Data sourced from Pitchbook report “ European Venture Report Q1 2020”
COVID-19 has presented a multitude of challenges that governments, international institutions, and the private sector are scrambling to solve. The European-wide lockdown has had a significant impact on Startups, Venture Capital Investors and LPs and this period has offered a cocktail of opportunity and challenge for the VC ecosystem.
It is apparent that the majority of European Venture Capital firms have been conserving capital in order to provide follow-on funding for their current portfolio. The propensity to use capital in a follow-on round rather than a new deal has enabled most institutions to protect their portfolio company’s and provide significant cash runways to ride out the short and medium-term effects of the pandemic. The ability for general partners to develop new relationships with Startups, without meeting founders or employees has been significantly hindered and result in first-time deals taking longer and becoming more difficult across 2020.
The UK Government’s Furlough Scheme has been crucial to reducing the cash burn level of pre-revenue, R&D business and enabled non-dilutive capital to protect earlier Angel investors in such businesses.
Software startups have accounted for 42.6% of capital YTD and Acceleris believe investment will remain strong in this sector relative to others. Startups addressing the future of work, online training and remote collaboration will continue to succeed post lockdown. This new way of working is here to stay for a number of large organisations and this will result in a significant opportunity for enabling technologies such as personal cybersecurity, education technology, technical infrastructure of home working and Insurtech.
Effective use of quality big data is a growing trend and clearly becoming highly important across a number of sectors. Acceleris are supporting Impact Data Metrics who have developed an incredible piece of technology that adds significant value to harvested big data for a number of end applications.
Educational technology has also seen an accelerated shift and additional investment in Q1 with 290 deals announced or completed. Given that schools, colleges and universities have had to rapidly adapt to educating students at home the accelerated shift is not unexpected. It is clear that schools will never be replaced entirely by virtual learning, but a hybrid system is possible to facilitate effective and efficient learning and is definitely a sector to watch across the next decade.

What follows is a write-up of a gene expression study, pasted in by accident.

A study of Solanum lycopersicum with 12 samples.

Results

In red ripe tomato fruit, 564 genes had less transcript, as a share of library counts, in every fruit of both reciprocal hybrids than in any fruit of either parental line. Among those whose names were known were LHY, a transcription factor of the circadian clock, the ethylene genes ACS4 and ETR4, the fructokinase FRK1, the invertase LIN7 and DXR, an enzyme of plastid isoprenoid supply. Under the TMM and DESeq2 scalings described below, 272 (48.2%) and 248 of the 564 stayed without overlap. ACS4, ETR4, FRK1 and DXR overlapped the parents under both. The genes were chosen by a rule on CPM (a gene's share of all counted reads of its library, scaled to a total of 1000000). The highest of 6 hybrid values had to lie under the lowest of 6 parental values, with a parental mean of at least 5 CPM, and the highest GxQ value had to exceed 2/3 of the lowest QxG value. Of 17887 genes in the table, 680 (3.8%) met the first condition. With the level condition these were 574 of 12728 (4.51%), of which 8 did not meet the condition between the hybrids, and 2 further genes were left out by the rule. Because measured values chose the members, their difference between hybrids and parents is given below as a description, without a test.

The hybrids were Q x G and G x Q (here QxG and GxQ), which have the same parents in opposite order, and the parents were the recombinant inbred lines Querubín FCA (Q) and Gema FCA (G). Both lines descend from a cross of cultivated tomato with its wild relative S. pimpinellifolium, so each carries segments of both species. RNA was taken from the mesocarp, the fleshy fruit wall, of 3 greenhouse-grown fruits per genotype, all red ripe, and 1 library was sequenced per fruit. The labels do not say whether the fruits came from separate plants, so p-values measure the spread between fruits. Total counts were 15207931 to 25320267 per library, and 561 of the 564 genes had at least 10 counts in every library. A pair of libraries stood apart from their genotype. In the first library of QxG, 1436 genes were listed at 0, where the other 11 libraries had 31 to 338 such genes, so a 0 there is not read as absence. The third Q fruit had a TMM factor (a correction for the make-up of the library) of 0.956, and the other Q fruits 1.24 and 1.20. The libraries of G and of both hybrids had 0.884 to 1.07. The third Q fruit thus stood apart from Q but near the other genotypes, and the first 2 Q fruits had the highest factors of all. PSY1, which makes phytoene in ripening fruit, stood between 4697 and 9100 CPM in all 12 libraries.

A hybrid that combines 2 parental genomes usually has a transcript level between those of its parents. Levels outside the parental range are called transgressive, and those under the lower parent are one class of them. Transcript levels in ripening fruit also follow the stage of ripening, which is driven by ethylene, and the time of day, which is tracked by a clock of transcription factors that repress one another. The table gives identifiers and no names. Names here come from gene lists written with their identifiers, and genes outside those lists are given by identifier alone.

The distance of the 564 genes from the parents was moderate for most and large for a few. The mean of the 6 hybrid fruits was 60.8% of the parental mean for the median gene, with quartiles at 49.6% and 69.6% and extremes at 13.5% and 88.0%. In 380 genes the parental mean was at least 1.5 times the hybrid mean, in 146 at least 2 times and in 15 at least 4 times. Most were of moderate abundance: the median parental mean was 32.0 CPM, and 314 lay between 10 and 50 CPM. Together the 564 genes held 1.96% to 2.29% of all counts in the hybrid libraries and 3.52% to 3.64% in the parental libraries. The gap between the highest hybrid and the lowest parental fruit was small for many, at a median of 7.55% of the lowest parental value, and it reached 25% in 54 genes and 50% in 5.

With an increase in phishing attacks and the uptake of information sharing technology the requirement for corporate and individual cyber security is increasing. Awareness around the importance of security, given recent information leaks has increased significantly over recent years. 276 deals were completed in Q1 2020 for cybersecurity firms.
Unsurprisingly, some sectors of the start-up community are accelerating, with €1.7bn being invested into Healthcare in Q1 2020. It will be interesting to see if over the next few quarters this continues to increase and within which specific sectors of healthcare see the biggest investment.
We believe that virtual telemedicine and digital healthcare will see a larger uptake with doctors closing their doors and individuals seeking an easier more convenient way of contacting their healthcare professionals. With this accelerated uptake of technology, the previous barriers to entry for the technology have been removed which has been evidenced by the 185 deals completed in Q1 2020. Take UK based Babylon Health who have released a digital care assistant to advise people on how to diagnose and manage suspected Covid-19 infections. The digitisation opportunity will provide strong solutions for long-term pandemic response infrastructure and will enable easier continuity initiatives and the modernisation of legacy systems.
Conversely there are a range of sectors struggling, the obvious travel related industries and companies which feed into the hospitality sector which haven’t been able to move online.
It is interesting to see that investment in research and development has reduced during Q1 as more funding is channelled towards the pandemic effort. This is likely to be sustained for as long as the Coronavirus remains prevalent and until a vaccine has been developed, tested, manufactured and distributed globally.
It is very much worth highlighting that exits in Q1 2020 totalled €727.1million, making this the first quarter since Q4 2012 not to achieve €1 billion. The number of exits completed has slowed down and we believe this is likely to remain so for a while until the economy stabilises and the future outlook is more certain. How this will effect VC fund timelines remains to be seen.
It is key to remember that there are a number of unknown’s importantly how long the pandemic will last and how long it will take for economies globally to recover. What we can deduce is that investment activity needs to happen, there are funds with annual EIS timelines that do need to deploy and there is a rapid acceleration in the adoption of certain sector technologies.